Configuring linear servo motor
Linear servo motor is an actuator producing linear force or motion and is constructed from a linear motor and a linear feedback device such as linear encoder. Compared to rotary motor with lead screw, the main benefits of linear servos are very high speeds and zero mechanical backlash. The typical drawbacks are less available force and possibly high design time effort.
Linear servo motor is electrically equivalent to a rotary motor, so drive sees no difference between the two. However, as drive parameters are entered for rotary motor only, they need some calculations to suit for linear motor.
Configuration[edit | edit source]
Preparations[edit | edit source]
Needed parameters of linear motor:
- Magnetic pole pair pitch (this equals 2x pole pitch)
- Forcer winding specifications:
- Maximum currents: continuous and peak
- Inductance and resistance
- Thermal time constant (optional but recommended)
Needed linear feedback device parameters:
- Resolution (lines or pulses per millimeter)
Setting parameters[edit | edit source]
In this step we convert the values so that motor can be driven from a servo drive. The drive is made to believe that the linear motor is rotary motor, so we need to figure out the equivalent rotary motor parameters.
This example works with Granity software. Follow your drive's setup guide for all parts except these:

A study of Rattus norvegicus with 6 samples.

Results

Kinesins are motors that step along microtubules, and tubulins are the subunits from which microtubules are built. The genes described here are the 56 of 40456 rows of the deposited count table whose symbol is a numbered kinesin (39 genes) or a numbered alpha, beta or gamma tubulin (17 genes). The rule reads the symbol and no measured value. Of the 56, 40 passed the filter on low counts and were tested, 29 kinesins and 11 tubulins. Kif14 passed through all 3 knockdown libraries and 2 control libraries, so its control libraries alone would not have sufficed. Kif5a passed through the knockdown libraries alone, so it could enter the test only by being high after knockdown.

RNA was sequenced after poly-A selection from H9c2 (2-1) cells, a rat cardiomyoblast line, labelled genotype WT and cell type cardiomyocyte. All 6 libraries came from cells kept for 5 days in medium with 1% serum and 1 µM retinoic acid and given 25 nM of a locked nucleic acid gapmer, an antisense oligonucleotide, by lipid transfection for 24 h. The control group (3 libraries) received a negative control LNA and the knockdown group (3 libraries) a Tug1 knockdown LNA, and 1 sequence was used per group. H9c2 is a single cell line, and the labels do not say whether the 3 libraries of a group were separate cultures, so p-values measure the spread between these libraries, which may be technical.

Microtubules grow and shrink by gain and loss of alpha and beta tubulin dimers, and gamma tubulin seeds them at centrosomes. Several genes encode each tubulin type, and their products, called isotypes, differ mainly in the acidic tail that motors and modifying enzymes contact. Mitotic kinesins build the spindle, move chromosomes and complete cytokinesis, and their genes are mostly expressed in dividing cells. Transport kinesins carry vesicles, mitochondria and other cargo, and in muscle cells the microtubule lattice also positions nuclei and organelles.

- Set Motor typeMT as 3 phase AC or BLDC motor
- Set Pole countMPC to 2
- Set Feedback device resolutionFBR to a value calculated as: Lines per mm*Pole pair pitch. For example if we have a linear encoder with 100 pulses per millimeter and a linear motor with 50 mm pole pair pitch (25 mm pole pitch), we calculate FBR = 100*50 = 5000. Important: check whether encoder resolution is specified as pulses or cycles per mm OR counts per mm - if it's defined as counts per mm (after 4X decoding), then this value needs to be divided by 4 to get pulses per mm which is the correct input value format.
- Set Thermal time constantMTC according to your motor. If the value is unknown, it is recommended to start with low values such as 30 seconds as the forcer of linear motor may have very low time constant. MTC attempts to protect motor from overheating.
- Finally as usual, Invert feedback directionFBI parameter must be set properly to achieve proper configuration.
|Granity always assumes that we’re setting up a rotary motor, and when choosing linear axis as AXT, it assumes it’s driven by rotary motor (leadscrew/belt/rack'n'pinion transmission). With linear motors, one should imagine words “pole pair” in place of “revolution” in all unit labels in Granity. I.e. when Granity says "mm per revolution" it means "mm per pole pair".|
Troubleshooting[edit | edit source]
If motor refuses to move beyond certain distance from the starting position, check the settings of MPC and FBR. If unsure, try adjusting FBR to higher/lower values (30%-50% steps or so) and see if the travel range increases or decreases.
EMI notice[edit | edit source]
Especially ironless linear motors are known to leak large amounts of electromagnetic interference due to open construction and lack of Faraday's cage. It may be necessary to use an Edge filter between the drive and motor to reduce the amount of EMI.